Wednesday, November 9, 2011

JWC Recap: Setting your story in a foreign country

At the Japan Writers Conference, Ann Tashi Slater did a presentation called "Setting you story in a foreign country( and a few thoughts on getting it published)." I presented on writing multicultural YA, so I was interested to see where we converged and where our opinions were different.

One of the things I didn't concentrate on in my presentation (50 minutes is not really that long) that Ann  highlighted was research. Research is important in any novel where you're not writing what you know. No matter how big or small the unknown factor is.

She used a Michael Ondaatje interview by William Dafoe as an opener.

WD  How does research lead to invention and where does it get in the way of invention?

MO That’s still a very difficult thing to know. You can always f[redacted] up by having too much research. You can paint yourself into a corner by finding out everything about 1926. Or you can hear someone on a bus say something that happened to somebody, and that’s enough to keep you going for 50 pages. It’s difficult to know what’s right and wrong. The kind of research I do, as a result, is quite intentionally random.
In my opinion, one of the perks of random research is that you get to find out things off the beaten track. Like if you look up Shania Twain on youtube, your first dozen hits are probably all her superhits. But if you start at one of those superhits and click around in the sidebar, you might end up at a lesser-known song, like UP, which you would never have found using a typical research method.

Ann pointed out the research methods she used in her novel, set in Darjeeling - she's part Tibetan. Her grandmother was still living in Darjeeling. She was getting older every day, and Ann said she knew a day would come when she wouldn't be there any more. So she spent some time there and did some interviews. She also went through photographs, letters, and diaries - things you may not have much access to if you don't have a family in. And she read lots of books which helped her focus her trip.

As for the nuts and bolts of setting in a foreign country, it's also important to integrate story and setting. You don't want to write every detail you know. That was something that I warned against in my presentation too. You risk writing a glorified travel guide if the multicultural elements are too much stronger than all the other story elements. Filter details through the pov and plot. Setting should influence the story, but it shouldn't bend it into pretzel shapes.

Ann also pointed out the importance of getting the details right. If you set a story in a Japanese junior high school and then had the kids bring lunch, that would pull me right out of the story. [EDIT: Other than the big cities] there are very few places in Japan where students don't get school lunches up until the end of JHS. Also, let Google be your friend. How you do this is up to you. Maybe you want to stop every time you have a question. Maybe you'll just insert a marker (I use hash tags) and come back to it. But the fact is that it's so easy to get information these days. Time and cost are much less of an issue in working with a foreign setting. Why not take advatange of that?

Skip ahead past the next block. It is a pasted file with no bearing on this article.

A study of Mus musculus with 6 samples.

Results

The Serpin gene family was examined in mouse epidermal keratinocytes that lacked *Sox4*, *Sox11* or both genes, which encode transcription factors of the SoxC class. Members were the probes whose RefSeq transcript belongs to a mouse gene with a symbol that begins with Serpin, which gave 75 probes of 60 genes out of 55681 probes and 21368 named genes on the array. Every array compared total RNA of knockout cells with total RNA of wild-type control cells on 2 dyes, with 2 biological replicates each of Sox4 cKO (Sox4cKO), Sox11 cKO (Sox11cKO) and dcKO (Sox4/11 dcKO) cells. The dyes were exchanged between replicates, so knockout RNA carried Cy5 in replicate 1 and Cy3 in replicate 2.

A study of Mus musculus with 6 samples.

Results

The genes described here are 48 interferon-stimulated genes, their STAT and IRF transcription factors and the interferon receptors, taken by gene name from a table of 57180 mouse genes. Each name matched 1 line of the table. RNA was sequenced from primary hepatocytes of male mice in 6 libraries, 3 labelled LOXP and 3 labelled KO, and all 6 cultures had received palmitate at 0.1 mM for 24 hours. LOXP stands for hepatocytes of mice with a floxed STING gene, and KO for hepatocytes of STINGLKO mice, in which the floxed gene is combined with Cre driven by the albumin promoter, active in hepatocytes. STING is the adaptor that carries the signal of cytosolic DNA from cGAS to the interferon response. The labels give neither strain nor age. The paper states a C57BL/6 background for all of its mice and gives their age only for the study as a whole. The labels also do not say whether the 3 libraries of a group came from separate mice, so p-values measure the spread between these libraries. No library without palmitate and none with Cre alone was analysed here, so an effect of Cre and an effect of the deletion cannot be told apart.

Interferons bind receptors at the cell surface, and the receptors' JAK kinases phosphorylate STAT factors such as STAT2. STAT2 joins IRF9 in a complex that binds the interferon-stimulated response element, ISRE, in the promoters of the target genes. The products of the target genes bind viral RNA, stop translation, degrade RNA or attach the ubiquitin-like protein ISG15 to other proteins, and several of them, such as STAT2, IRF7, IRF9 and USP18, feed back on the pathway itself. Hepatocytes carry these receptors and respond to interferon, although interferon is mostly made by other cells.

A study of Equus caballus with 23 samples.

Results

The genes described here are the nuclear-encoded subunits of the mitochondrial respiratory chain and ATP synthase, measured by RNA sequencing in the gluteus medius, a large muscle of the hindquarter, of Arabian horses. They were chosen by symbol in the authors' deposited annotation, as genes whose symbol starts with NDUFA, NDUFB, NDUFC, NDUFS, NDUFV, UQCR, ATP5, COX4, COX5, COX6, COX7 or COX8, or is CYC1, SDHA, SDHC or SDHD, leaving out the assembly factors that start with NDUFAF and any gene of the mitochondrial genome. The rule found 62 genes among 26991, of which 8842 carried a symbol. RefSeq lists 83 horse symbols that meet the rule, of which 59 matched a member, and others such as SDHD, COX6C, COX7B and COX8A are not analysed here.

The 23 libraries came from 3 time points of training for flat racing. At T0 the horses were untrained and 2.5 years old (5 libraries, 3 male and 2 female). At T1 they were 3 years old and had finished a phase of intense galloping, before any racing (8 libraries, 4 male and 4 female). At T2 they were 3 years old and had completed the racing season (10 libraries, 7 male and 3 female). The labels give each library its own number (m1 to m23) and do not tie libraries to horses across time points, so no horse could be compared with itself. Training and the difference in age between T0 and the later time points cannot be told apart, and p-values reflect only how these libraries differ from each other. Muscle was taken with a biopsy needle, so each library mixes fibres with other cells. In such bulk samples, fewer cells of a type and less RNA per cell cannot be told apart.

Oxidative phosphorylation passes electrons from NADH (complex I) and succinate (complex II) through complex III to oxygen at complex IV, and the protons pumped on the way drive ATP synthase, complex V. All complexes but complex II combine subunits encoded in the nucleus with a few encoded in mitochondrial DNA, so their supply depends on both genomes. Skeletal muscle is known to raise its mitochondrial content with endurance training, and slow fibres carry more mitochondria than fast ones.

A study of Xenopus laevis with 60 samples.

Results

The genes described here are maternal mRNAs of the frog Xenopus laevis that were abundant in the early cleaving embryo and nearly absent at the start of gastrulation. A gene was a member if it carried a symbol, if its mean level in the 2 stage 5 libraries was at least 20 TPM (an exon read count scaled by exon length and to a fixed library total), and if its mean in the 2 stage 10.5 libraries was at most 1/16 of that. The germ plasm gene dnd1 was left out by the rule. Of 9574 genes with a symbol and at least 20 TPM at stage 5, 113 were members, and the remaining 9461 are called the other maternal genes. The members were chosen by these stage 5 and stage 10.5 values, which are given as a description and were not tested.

Is anyone working in a setting which isn't the same as where they live or where their main market lives? How are you doing it?


asiamorela said...

I think the advice on research is valid for any type of research, all in all. And it's very true.

I've got this story (currently on hold) which takes place in Poland, Warsaw more specifically. I didn't do it for any other reason than I love and miss Poland, where I've lived for 6 months, though. So I never stop to talk about life there; in a way, you could say the setting really isn't part of the plot. The only thing is that I try and give my characters Polish cultural references (I studied Polish language and culture for 4 years at university) and describe the scenery as I remember it (can still see myself roaming the streets of Warsaw). Even then, I don't think the people and places I describe are necessarily *typically* Polish, but that's not what I'm going for anyway (they are vampires).

Bee said...

Research is most important in any kind of writing really.

My book is about an Indian girl in England. So yeah, the major part of my book is set in a country I'm not from, never been to (I'm from India). There wasn't any particular reason behind this except for the fact that the story demanded it. And I've researched so much about England, I probably know more about it than any other country in the world, except my own. But yeah, the trouble is in integrating just the right amount of necessary detail into the story - something that makes the story credible (especially for readers from that country) yet isn't TMI.

Glad you brought up this topic.

Holly Thompson said...

Research is very important. But keep in mind that regional differences pop up all the time, so we have to be careful of our assumptions. Taking a bento to chugakko is common in our neck of the woods and some other areas of Japan I've been in. :)


Asiamorela and Bee, it can be really difficult to get the right amount of setting in. You want to convey a sense of place, but at the same time, not overwhelm. If I ever learn the secret I'll let you know.

Holly, I find that it really depends on the "major-cityness" of your area. As far as I know all the schools in Iwate get. Apart from Sendai maybe all the schools in Tohoku get. I'll edit to say such.